Thursday, September 20, 2012

Port Call

They that go down to the sea in ships, that do business in great waters; these see the works of the LORD, and his wonders in the deep. Psalm 107, King James Bible

The view from seat 13A of the US Airways Embraer RJ145 was spectacular, if not breathtakingly colorful. The rolling New England countryside has yet to see autumn's changing leaves. Green and lush, made more so under a cloudless blue sky. House Island, and the revetments of historic Fort Scammell are clearly visible from fifteen hundred feet above the Atlantic Ocean as we turn to land in Maine.

Visiting our daughter Beth has involved the sea since she left Denver in 2005. Moving first to Ft. Myers, Florida she now resides in Portland, Maine, a law student at the University of Maine. A 3L.

Of course, the first thing we do after arriving is walk the cobble streets of Old Port and find a place to eat. Balmy temperatures allow us to sit outside. My lobster chowder, and our conversation, are warm and soothing.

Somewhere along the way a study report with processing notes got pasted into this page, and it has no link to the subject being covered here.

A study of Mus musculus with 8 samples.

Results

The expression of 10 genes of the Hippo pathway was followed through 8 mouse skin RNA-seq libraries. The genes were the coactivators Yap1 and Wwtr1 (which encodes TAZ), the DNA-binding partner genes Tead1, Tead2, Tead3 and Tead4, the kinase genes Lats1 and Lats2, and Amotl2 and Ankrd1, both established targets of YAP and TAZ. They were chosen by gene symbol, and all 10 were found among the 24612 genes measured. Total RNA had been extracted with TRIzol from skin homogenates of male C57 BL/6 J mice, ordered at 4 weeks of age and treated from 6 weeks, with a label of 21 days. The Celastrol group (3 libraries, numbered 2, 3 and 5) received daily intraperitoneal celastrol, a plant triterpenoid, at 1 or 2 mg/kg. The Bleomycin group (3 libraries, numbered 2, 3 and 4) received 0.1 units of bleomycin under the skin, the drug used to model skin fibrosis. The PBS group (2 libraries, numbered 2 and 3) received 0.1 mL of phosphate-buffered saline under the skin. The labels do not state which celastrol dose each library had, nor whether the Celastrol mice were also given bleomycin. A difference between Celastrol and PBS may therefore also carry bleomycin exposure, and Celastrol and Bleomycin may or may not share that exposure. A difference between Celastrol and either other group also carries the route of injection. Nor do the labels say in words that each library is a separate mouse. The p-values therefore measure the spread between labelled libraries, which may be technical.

Beth is a busy woman, working part time as an investment accounts manager at a bank. She is a full time law student - well, at least as full time as any self-respecting third year allows themselves to be. This year she has become a student attorney, admitted as such to the Maine Bar, with an array of clients to serve. None of these obligations wane when Daddy comes to town.

I see her for lunch and dinner, and otherwise roam downtown. On a cloudy, blustery Tuesday I discover Carnival Glory docked at the cruise ship terminal.

Carnival Glory. Just the name evokes adventure. She is over 950 feet long and displaces 110,000 tons. This Conquest-class ship is the twentieth-largest cruise ship in the world, carrying just a couple of families shy of 3000 passengers. There she sits, flags flapping in the wind, tied up in Portland harbor.

Aboard, the midships jumbotron plays a Michael Jackson music video. Passengers linger along the railing, run laps on the track circumnavigating the lido deck or lounge on balconies. A steady line of people leave shorefront taverns, moving steadily toward the terminal building, shore excursions over. Street merchants offer last-minute Maine souvenirs - I choose one for my wife.

Carnival Glory departed that evening, due in Saint Johns, New Brunswick the next morning. I took off on a US Airways flight about the time she was docking. Gazing down, I saw the parking lot of my motel, where I had given Beth a last good bye hug and told her how proud of her we are.

I missed her already, and we were barely off the ground.